Intuitive eating can be hard enough in and of itself, but for people who do struggle with legitimate food intolerances this can be especially challenging. Let me tell you about an experience I had recently to give you a better sense of what I mean when I talk about food intolerances impacting intuitive eating. So about a week or so ago, I was craving pizza for dinner. Specifically, I wanted what they call “no dough” pizza from a nearby restaurant. In my attempt to eat intuitively, I ended up getting it for dinner, enjoying a portion that satisfied me with a bread stick and part of a side salad. I finished my meal feeling good. I listened to my body, honored my hunger and fullness, all those good things that eating in a mindful way teaches us to do right? Well, while I was feeling good about what I had eaten, my body had different ideas.
Not long after my delicious dinner, my stomach started to feel bloated and uncomfortable and I started to feel myself getting anxious. My initial thoughts were along the lines of “oh no did I eat too much? Ugh does my body just really not deal with cheese well? I love cheese..” I went to bed hoping I would wake up instantly feeling better but no such luck. I woke up with a really upset stomach and a headache that lasted all day and found myself feeling really upset that my body wasn’t dealing with what I ate well when I felt I ate so intuitively!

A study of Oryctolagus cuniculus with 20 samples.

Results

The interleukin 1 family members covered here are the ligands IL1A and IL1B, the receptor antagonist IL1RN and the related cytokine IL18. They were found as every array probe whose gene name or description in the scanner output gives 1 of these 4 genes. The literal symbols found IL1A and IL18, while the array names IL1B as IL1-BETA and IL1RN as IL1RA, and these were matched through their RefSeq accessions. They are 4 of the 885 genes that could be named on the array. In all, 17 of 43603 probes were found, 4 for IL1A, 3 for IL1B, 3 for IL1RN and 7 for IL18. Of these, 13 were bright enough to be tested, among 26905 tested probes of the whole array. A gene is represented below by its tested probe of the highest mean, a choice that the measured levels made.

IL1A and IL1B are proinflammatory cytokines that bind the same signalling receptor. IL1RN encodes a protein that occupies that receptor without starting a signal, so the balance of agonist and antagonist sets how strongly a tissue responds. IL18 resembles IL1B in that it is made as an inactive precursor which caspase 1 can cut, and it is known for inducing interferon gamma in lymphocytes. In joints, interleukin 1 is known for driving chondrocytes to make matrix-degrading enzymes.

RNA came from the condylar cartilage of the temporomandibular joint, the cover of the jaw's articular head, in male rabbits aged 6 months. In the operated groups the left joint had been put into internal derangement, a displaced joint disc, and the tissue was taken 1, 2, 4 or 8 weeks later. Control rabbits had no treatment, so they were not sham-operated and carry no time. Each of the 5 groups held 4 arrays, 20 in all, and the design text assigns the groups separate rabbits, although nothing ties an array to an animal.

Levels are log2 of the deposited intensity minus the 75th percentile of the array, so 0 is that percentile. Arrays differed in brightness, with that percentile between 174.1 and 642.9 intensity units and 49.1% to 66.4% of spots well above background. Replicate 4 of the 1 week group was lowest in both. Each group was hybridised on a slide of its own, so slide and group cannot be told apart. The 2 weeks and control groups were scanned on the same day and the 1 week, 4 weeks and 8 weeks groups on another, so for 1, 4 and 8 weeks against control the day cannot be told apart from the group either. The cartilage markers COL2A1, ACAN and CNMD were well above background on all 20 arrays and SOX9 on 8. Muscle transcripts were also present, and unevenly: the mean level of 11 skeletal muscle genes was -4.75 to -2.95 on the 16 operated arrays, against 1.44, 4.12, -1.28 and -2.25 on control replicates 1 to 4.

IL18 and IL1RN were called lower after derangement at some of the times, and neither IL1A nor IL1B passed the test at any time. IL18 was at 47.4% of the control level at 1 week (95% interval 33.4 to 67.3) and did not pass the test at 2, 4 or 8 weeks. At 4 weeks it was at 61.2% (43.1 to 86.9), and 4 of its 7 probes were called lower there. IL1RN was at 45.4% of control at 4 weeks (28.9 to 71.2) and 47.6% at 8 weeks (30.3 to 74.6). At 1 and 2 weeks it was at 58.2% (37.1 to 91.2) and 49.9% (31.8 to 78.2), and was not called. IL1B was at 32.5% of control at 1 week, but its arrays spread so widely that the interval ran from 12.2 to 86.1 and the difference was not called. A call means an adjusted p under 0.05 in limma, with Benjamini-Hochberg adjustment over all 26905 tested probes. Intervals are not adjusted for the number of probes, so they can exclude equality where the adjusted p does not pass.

This has not just been a struggle of mine but also is a struggle of other people working to eat in a mindful way. Often, this seems to come from this idea that eating intuitively means eating all foods without restriction. I would say yes, eating without the feeling of restriction is absolutely crucial for intuitive eating. However, part of listening to our body and really eating intuitively for some of us means realizing there are foods that while we may enjoy them, do not make our bodies feel their best. The mistake I think many people (including myself in getting frustrated about my pizza) make is going to the belief that this means they have to have a mentality of restriction around those foods.
For example, I can choose to say, “I can never have dairy again it upsets my stomach”, or I can take the stance of “I can have dairy whenever I want, but it also may not make me feel my best the next day”. Does this mean I never have dairy? Maybe, but maybe not. Maybe sometimes I decide it’s worth it to eat the food knowing I’ll probably have a reaction tomorrow. Other times, I may not. This takes the conversation away from restriction and “I can never eat this food again”, to one of “do I want to enjoy this food right now knowing it may not make me feel my best later”. I’d say that is a much more helpful and powerful way to think about the food we eat.
Questions about intuitive eating and food intolerance or any other food/ body image related concerns? Feel free to let me know!